Otto R. Skopil Jr., whose 40-year career as a federal judge included historic rulings on California water rights and the right of an Irvine teacher with
The U.S. 9th Circuit Court of Appeals, on which he had served since 1979, announced his death but gave no cause.
Skopil joined the federal bench in 1972, when
The 1998 water-rights decision required the federal government to comply with laws protecting endangered salmon and other wildlife when it channels water to Central Valley farmers. The ruling was seen as a major victory for California environmentalists who had battled for years to force the federal government to restore water to the embattled San Joaquin River.
In 1987, Skopil was part of a three-judge panel that ordered the Orange County Department of Education to return an Irvine teacher with AIDS to the classroom. It was the first time that a federal appeals court had ruled that discrimination against victims of the disease was barred under civil rights laws protecting the disabled.
Among his other significant cases were those dealing with the sovereign rights of Native American tribes in regard to water rights, tribal land boundaries and tideland ownership.
Appointed chairman of the National Magistrates Committee in 1979, Skopil was widely regarded as the driving force behind the expansion of the authority of magistrate judges, who were allowed to conduct civil trials with the consent of both parties. They were also allowed to oversee misdemeanor trials if the defendant agreed to it.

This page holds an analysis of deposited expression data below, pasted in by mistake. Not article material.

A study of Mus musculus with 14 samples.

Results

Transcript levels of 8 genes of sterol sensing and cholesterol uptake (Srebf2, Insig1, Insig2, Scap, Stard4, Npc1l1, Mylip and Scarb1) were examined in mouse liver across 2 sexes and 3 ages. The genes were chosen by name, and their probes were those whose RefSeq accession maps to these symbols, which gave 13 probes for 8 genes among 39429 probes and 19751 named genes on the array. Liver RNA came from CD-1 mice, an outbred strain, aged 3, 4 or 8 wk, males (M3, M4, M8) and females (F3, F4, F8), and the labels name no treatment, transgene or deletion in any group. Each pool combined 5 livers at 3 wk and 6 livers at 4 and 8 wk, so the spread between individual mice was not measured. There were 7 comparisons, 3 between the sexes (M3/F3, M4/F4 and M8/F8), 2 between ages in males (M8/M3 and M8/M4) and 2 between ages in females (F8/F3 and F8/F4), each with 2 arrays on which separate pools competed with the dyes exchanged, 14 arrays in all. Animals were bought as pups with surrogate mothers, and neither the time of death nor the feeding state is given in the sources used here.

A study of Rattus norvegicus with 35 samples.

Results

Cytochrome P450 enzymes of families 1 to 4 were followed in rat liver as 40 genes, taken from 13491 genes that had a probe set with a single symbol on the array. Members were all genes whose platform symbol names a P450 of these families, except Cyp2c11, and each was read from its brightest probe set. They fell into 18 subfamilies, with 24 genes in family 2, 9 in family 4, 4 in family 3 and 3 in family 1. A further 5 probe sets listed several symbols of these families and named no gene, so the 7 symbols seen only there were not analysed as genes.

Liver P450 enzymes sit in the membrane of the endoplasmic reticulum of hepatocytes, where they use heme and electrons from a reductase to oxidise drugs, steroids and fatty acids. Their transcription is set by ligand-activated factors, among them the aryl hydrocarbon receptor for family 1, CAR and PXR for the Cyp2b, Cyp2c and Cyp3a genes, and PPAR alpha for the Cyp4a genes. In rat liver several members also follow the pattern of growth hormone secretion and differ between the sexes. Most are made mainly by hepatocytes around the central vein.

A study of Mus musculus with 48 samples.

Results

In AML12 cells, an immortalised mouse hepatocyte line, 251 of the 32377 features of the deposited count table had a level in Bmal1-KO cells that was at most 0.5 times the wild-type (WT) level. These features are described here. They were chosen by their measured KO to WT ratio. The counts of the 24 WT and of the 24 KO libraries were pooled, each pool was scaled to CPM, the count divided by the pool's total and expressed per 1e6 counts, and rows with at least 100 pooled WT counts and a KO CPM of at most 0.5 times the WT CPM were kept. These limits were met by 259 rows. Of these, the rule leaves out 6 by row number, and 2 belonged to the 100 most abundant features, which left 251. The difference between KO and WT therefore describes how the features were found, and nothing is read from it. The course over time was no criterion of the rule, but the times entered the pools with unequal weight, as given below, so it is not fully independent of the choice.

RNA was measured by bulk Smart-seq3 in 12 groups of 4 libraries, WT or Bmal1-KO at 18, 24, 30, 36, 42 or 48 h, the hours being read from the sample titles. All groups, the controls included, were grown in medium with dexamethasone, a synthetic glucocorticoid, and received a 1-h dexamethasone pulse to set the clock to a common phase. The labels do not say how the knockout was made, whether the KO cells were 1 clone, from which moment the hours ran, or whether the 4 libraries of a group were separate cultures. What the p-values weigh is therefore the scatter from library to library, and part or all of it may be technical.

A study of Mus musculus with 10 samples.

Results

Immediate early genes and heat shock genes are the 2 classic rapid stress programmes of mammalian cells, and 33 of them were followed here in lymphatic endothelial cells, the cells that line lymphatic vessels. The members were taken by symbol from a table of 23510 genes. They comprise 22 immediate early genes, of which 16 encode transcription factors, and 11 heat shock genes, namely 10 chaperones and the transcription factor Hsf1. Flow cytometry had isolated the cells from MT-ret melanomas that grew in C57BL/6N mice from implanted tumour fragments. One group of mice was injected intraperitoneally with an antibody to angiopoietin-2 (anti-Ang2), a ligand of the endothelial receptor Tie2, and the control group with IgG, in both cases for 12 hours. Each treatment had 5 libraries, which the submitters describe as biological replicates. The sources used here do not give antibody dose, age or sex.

"The magistrate system as it now stands is probably one of the most progressive things that has happened in the judiciary since its origin," Skopil told the Oregon State Bar Bulletin in 2007. "It's given the courts an entirely different ability to handle the tremendous volume we have."
Otto Richard Skopil Jr. was born in 1919 in Portland to German immigrants. His father drove a laundry truck.
A basketball player, he attended Willamette University in Salem, Ore., on an athletic scholarship, graduating with a bachelor's degree in 1941.
He was inspired to study law by an uncle with a fifth-grade education who lost an eye in a work-related accident and asked his company to compensate by sending him to law school. His uncle later practiced in Salem.
He is survived by Janet, his wife of 56 years; four children; five grandchildren; and one great-grandchild.